Learie Constantine (1901-1971)

Learie Constantine, November 1930
Public Domain Image

Learie Nicholas Constantine, Baron Constantine, was an international cricketer, journalist, politician, and lawyer. Constantine was the first person of African/ Caribbean ancestry to be invested as a life peer in the United Kingdom. Born in Trinidad and Tobago in 1901 he was the son of a plantation foreman.

From an early age his father encouraged him to play cricket. In 1923 Constantine was selected for the West Indies international team and came to Britain to play in the pre-test matches that eventually led to the West Indies inclusion in Test cricket in 1928. Constantine was a valuable all-rounder, being skilled at batting, bowling, and fielding. He was the first West Indian to take a wicket in a test match and the first person to ever take five wickets in one inning. He was so successful that he was asked to join the Nelson Cricket Club, a team based in Lancashire in North England. Constantine moved to Nelson with his wife, Norma, and daughter and played with the club for 10 seasons. In 1933 he published his first work of many, Cricket and I, with the help of his lodger, the prolific writer and political theorist, C.L.R. James.  In 1947 he was invested as a Member of the British Empire (MBE) for his services to cricket.

After his retirement from professional cricket Constantine began working in a lawyer’s office, a career he had previously pursued before his years of professional cricket. In 1942 the British government had brought in numerous black engineers and factory workers from the West Indies to help the war effort. Constantine was asked to liaise with them and became a civil servant.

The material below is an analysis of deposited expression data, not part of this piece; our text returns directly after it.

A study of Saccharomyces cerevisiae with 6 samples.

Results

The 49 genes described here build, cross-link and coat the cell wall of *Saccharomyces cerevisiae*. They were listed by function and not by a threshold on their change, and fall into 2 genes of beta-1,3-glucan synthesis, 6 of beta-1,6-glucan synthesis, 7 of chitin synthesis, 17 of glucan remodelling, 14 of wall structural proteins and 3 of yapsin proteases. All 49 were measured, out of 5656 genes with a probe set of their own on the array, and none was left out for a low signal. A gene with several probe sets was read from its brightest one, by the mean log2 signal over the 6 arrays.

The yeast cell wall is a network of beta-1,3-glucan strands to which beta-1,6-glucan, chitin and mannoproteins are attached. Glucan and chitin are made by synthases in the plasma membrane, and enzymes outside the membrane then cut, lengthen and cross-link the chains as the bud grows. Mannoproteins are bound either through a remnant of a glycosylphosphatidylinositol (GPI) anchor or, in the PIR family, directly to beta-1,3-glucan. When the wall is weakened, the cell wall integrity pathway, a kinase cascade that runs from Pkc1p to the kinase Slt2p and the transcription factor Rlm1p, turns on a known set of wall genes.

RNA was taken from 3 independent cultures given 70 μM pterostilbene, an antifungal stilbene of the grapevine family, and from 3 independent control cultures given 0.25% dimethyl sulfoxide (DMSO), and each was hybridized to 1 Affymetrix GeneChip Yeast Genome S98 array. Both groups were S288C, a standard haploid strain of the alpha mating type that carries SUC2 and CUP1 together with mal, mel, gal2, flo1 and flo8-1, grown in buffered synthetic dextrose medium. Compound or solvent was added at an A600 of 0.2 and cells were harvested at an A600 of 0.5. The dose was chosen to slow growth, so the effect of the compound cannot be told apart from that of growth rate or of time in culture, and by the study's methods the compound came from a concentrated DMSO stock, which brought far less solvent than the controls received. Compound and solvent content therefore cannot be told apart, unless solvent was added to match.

In 1943 he was asked to Captain a West Indian team at a series of exhibition matches at Lord’s Cricket Ground. Before he arrived in London he telephoned the hotel and confirmed his stay and confirmed that he was coloured. On his arrival, despite the fact that he had confirmed his colour with them beforehand, the hotel refused to allow him to check in. Constantine brought an action against the hotel for a Breach of Contract. Although he won he was only awarded nominal Damages of five guineas.

After World War II, Constantine moved with his wife to London where he worked as a journalist and broadcaster for the BBC whilst he studied law. In 1954 he was called to the bar. In 1956 he and his wife returned to Trinidad where he became a member of the People’s National Movement, was elected as Member of Parliament for Tunapuna, and entered the Cabinet as Minister for Communications, Works and Public Utilities. He became Trinidad’s first High Commissioner in London in 1962 and returned to England with his wife. He was knighted the same year (1962) and in 1967 was elected Lord Rector of the University of St Andrews. In 1969 he was invested as Baron Constantine, of Maraval and Nelson.

Baron Constantine died aged 69 at his home in Hampstead, London on July 1, 1971. He was posthumously awarded his country’s highest honour, the Trinity Cross.